No association between blood count levels and whole-blood cobalt and chromium levels in 1,900 patients with metal-on-metal hip arthroplasty
Background and purpose — The accelerated wear of poorly functioning metal-on-metal (MoM) hip implants may cause elevated whole-blood cobalt (Co) and chromium (Cr) levels. Hematological and endocrinological changes have been described as the most sensitive adverse effects due to Co exposure. We studied whether there is an association between whole-blood Co/Cr levels and leukocyte, hemoglo- bin, or platelet levels.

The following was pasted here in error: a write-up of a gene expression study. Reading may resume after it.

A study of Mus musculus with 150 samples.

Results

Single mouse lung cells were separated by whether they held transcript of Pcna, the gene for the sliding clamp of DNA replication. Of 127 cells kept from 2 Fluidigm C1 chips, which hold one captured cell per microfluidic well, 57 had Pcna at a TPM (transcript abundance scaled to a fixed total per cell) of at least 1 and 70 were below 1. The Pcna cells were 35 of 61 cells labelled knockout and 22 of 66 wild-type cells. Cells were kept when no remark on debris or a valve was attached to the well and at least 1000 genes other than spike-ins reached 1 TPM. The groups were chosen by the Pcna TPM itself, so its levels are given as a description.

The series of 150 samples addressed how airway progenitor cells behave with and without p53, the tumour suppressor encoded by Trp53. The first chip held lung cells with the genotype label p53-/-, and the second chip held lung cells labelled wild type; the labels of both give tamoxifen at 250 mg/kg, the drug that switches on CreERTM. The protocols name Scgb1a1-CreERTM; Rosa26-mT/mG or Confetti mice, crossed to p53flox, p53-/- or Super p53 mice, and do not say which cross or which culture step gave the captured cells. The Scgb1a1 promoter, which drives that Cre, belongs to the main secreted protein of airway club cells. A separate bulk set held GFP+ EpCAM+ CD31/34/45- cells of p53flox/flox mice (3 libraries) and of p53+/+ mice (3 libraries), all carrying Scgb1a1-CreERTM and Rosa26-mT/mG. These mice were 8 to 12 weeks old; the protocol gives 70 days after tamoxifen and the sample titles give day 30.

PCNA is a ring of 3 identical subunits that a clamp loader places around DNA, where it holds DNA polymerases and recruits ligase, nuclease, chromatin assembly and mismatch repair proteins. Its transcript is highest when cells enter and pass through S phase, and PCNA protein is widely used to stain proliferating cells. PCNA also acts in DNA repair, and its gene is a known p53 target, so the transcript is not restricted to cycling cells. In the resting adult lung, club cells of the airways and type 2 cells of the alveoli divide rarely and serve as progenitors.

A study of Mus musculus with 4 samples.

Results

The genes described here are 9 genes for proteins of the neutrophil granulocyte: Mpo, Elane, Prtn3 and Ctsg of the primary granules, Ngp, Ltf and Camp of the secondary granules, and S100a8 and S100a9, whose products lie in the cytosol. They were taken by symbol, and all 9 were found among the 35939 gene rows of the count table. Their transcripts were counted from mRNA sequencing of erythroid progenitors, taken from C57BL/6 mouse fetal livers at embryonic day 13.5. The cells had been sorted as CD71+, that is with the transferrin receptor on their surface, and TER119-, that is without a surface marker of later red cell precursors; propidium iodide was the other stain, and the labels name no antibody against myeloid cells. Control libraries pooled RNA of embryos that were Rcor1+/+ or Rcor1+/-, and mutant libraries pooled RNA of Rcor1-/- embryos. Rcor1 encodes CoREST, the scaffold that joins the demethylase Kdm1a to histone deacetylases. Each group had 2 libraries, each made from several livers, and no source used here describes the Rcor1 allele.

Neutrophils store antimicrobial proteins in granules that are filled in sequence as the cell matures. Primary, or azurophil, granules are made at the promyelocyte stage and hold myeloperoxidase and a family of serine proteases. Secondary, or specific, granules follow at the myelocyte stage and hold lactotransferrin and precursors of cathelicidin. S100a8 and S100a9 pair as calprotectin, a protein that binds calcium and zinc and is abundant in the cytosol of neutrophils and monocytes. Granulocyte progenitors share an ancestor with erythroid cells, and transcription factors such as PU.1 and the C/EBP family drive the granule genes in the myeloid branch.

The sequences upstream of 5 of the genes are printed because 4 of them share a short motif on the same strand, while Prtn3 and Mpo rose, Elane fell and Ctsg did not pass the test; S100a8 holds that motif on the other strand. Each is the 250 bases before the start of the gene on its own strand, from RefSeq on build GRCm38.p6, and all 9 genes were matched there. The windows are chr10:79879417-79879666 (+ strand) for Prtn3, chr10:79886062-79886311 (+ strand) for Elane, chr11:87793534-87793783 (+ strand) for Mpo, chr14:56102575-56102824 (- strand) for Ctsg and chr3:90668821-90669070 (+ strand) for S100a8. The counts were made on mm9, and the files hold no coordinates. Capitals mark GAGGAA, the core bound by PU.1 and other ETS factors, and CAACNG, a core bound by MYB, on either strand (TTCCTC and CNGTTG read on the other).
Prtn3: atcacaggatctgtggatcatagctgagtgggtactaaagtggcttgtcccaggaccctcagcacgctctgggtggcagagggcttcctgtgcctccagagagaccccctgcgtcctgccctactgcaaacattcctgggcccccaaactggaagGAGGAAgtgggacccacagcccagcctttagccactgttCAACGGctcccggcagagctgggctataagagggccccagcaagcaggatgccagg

Patients and methods — We analyzed whole-blood Co and Cr values and complete blood counts (including leuko- cytes, hemoglobin, platelets) from 1,900 patients with MoM hips. The mean age at the time of whole-blood metal ion measurements was 67 years (SD 10). The mean time from primary surgery to whole-blood metal ion measurement was 8.2 years (SD 3.0). The mean interval between postoperative blood counts and metal ion measurements was 0.2 months (SD 2.7).
Results — The median Co value was 1.9 μg/L (0.2–225), Cr 1.6 μg/L (0.2–125), mean leukocyte count 6.7×109/L (SD 1.9), hemoglobin value 143 g/L (SD 13), and platelet count 277 × 109/L (SD 70). We did not observe clinically sig- nificant correlations between whole-blood Co/Cr and leuko- cyte, hemoglobin, or platelet counts.
Interpretation — Elevated whole-blood Co and Cr values are unlikely to explain abnormal blood counts in patients with MoM hips and the reason for possible abnormal blood counts should be sought elsewhere.